If you’re a man and you have hair, then you’re probably used to that sinking feeling you get at the barber when you’re looking back at yourself in the mirror. You know what you wanted your barber to do, but for one reason or another, he’s cutting and shaping your hair into something else. And short of shaving it all off, there’s not really much you can do about it.
It’s easy to blame the ability of the barber in this situation, but a lot of the time, it just comes down to miscommunication between barber and customer. Often this is because customers don’t know how to explain what they want, and barbers struggle to understand exactly what to do based on vague ideas and descriptions.
Solving this issue can be beneficial for both parties: customers who get the cut they want, and barbers who get satisfied customers and repeat business. This guide gives you five tips on what to ask for at the barber, to get the best results every time.
If you’re reading this guide, then you’re already part of the way through step one. Research is everything in communicating to a barber what it is that a customer has in mind. And this goes much deeper than just finding the name of a particular style.
That’s because every customer and every head of hair is different. Some men have hair that’s longer than others, thicker than others or darker than others, for example. Then there’s the shape of the head to take into account, and where there might be any crowns. And on top of that, the current popularity for beards and facial hair add a new dimension to the conversation. Exploring ideas that work for personal characteristics is therefore the ideal starting point.
You wouldn’t go into a garage to get your car fixed and ask them to take a look at ‘the thingy next to the engine’. So why would you go into a barber and ask them to take ‘just a bit off here and there’?
There is a surprising amount of terminology involved in barbering, but it isn’t a secret code: all the right vocabulary is out there for everyone to find if they look hard enough. Knowing the right phrases for what you want can break down many of the barriers in communication. Start by looking at guard numbers, types of fade and tapers, as these will form the foundation of most common men’s hairstyles.
Armed with research and terminology from the first two points, you’re now much better-equipped to work out a concise description of the haircut you’re looking for. If you can boil down all your preferences into a few short sentences, then you can deliver this to your barber as soon as you hit the chair, and start everything off on the front foot.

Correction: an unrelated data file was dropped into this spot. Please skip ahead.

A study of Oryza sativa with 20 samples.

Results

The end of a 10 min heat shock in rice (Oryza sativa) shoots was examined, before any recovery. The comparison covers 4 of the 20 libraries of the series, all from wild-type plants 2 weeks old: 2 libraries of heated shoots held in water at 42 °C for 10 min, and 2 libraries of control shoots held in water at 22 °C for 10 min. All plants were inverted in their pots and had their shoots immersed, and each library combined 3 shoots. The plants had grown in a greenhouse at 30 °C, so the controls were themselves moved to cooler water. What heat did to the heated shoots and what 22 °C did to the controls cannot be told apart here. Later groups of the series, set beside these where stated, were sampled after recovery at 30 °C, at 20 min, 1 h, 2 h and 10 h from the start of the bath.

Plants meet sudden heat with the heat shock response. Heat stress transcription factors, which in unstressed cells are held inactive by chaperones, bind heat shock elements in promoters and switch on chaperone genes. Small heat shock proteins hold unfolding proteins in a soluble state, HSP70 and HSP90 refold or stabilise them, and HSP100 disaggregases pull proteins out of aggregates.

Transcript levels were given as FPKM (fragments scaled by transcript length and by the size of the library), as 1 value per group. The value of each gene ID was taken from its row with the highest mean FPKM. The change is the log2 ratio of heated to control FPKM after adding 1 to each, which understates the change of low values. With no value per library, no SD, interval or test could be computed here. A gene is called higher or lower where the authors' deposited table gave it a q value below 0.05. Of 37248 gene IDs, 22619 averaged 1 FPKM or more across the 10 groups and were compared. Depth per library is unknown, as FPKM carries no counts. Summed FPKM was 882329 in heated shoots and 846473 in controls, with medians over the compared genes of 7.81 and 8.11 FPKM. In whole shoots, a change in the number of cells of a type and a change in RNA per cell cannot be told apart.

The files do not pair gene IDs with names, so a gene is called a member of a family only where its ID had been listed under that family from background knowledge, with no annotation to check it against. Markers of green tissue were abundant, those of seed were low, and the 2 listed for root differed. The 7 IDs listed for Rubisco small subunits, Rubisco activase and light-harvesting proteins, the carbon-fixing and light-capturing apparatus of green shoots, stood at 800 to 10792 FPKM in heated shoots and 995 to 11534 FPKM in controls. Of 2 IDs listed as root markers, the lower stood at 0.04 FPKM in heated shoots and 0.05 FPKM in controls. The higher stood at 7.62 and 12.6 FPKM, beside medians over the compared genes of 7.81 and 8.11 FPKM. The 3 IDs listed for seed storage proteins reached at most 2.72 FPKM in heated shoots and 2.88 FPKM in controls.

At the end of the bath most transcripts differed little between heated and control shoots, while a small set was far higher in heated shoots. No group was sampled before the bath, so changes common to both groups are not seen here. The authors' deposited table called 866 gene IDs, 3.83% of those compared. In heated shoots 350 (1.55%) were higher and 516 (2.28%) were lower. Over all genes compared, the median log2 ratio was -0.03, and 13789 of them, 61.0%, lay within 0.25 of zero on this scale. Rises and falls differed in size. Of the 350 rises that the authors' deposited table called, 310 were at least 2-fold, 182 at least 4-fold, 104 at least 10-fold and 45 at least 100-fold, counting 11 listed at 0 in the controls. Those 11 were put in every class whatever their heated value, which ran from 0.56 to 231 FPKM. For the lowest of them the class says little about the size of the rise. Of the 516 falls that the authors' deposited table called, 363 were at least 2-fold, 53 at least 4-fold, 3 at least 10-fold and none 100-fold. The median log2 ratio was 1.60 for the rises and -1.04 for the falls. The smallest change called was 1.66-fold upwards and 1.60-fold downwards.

However, it’s important to be flexible to a certain extent, and not to stick too rigidly to your description. A good barber will be able to offer some advice on how your idea can be tweaked here and there to deliver an even better end result.
During the research stage, it’s highly likely that you’ll have searched through photos of different styles, and found some that closely resemble what you’re looking for. If you’re struggling to translate that visual style into a verbal description, then there’s no reason that you can’t take the photo with you and show it to the barber.
Many barbers use design and style like Pinterest themselves, so that they can keep up-to-date with trends and be able to offer advice and suggestions. Using the same apps to find your style inspiration, and showing your findings to the barber on the day, can help make sure that nothing gets lost in translation.
Don’t forget that barbers will have cut thousands of heads of hair over the years, and will have a wealth of experience and expertise that you can take full advantage of. And at the same time, they want you to get out of their chair feeling happy with the cut you’ve received.
Never feel afraid to ask for their opinion as they’ll be more than happy to help. Whether you’re not sure if your idea is right for you, or they want an expert view on a new style, remember that there’s a professional ready and waiting to assist.
If you’re a barber reading this, then you’ll already have plenty of experience of customers that struggle to get their preferences across. This guide can act as a business aid in helping them – and you – get the results you want.
Another important business aid for barbers is insurance, so that you don’t suffer financially should anything unforeseen occur. Protectivity offers specialist barber business insurance policies, including public liability, personal accident cover, equipment cover, and employers’ liability insurance (if you employ other barbers).
Our cover can give you peace of mind, help you grow your business with confidence, and starts at less than £4 a month. Take a closer look at all our options for barber business insurance here.